It may be that the winter doldrums are in full force but it seems that everything I read recently or issues that come up about community gardening are changing what the term means. When movements mature they are often co-opted, commercialized or changed by various forces. Community Gardening has all of those forces at play. People want to call all kinds of things community gardening that maybe should not be. Urban Agriculture is the term du jour. Almost everyone loves talking about urban agriculture. Local food, locavores, artisanal food products are all words that get lots of play in the media as they point out the ways to commercialize urban agriculture. Community gardeners have been caught up in the wave and brought to the marketplace. A community garden that isn't selling some of their produce is not taking advantage of the opportunities out there to make money. All of the other value that community gardening brings to a livable city is overshadowed by the value of the produce that is sold.
There is a lot of conflict about selling produce grown on community garden land, not the least of which is the use of municipal land for 'profit'. I put profit in quotes because for the most part we are talking about relatively small sums of money and no one I know is getting rich selling tomatoes, basil or eggs from a community garden. Much like many farmers are operating on small profit margins and not getting rich or even paying the bills without someone in the family working off farm to provide health insurance or helping to pay the mortgage. Even so the city agencies that own the land are looking hard at the use of public land for profit. There great programs that work on high school grounds utilizing the garden to teach all kinds of subject matter and in some cases supplying food to school cafeterias. Once they begin to sell some of the produce at little farm stands to support the program there is now cash around and everybody wants a piece. A perfect example of how the community benefits of an urban agriculture project is trumped by how much money is made by the program.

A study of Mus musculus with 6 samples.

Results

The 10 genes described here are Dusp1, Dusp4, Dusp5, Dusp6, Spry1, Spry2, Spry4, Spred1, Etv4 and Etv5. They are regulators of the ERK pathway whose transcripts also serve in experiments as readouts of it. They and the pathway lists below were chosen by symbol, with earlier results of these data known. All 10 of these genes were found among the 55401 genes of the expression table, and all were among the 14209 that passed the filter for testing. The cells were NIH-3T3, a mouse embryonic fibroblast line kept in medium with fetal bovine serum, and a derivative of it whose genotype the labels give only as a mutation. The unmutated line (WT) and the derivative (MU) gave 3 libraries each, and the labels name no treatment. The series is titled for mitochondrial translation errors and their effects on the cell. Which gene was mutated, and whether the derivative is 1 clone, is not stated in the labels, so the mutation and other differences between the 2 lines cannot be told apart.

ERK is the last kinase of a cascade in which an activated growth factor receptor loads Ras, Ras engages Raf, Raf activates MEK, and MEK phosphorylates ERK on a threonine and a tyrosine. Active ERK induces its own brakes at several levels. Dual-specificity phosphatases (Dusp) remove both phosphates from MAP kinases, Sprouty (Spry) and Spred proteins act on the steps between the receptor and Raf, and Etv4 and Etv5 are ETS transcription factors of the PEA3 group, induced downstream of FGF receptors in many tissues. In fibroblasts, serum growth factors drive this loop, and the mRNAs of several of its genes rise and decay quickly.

Those touted as visionaries are the ones that are growing food on rooftops. Absolutely, there is a place for rooftop farms. They can make money by supplying fancy restaurants and selling at small markets but their inputs are higher than in the ground farmers so thy have to charge a higher price to make a profit. They also have to think big. The size of the largest urban farm keeps increasing from 40,000 square feet to now 100,000 square feet . There are economies of scale and in terms of local food security these large projects are necessary to provide more than a fraction of a percent of the fresh food needs of the city.
Why all of the talk about rooftops? What is the connection to community gardens? Community gardeners see the notoriety that rooftop farming and urban agriculture is getting and once again see that their efforts and the benefits of community gardens are not valued. My concern is that city planners and politicians will decree that the only thing that matters is the bottom line. If taken to the extreme, it could get to the point where all government and foundation support vanishes and the land goes to the person or business that has the best plan for making money and being self supporting. Those most in need will be left fighting on the ground for the crumbs while those higher up off the ground both literally and financially will get the fancy crops.
I hope it does not come to this but once again community gardeners' volunteer time and effort must go to being constantly vigilant to what is going on around the city and not letting their efforts be disregarded.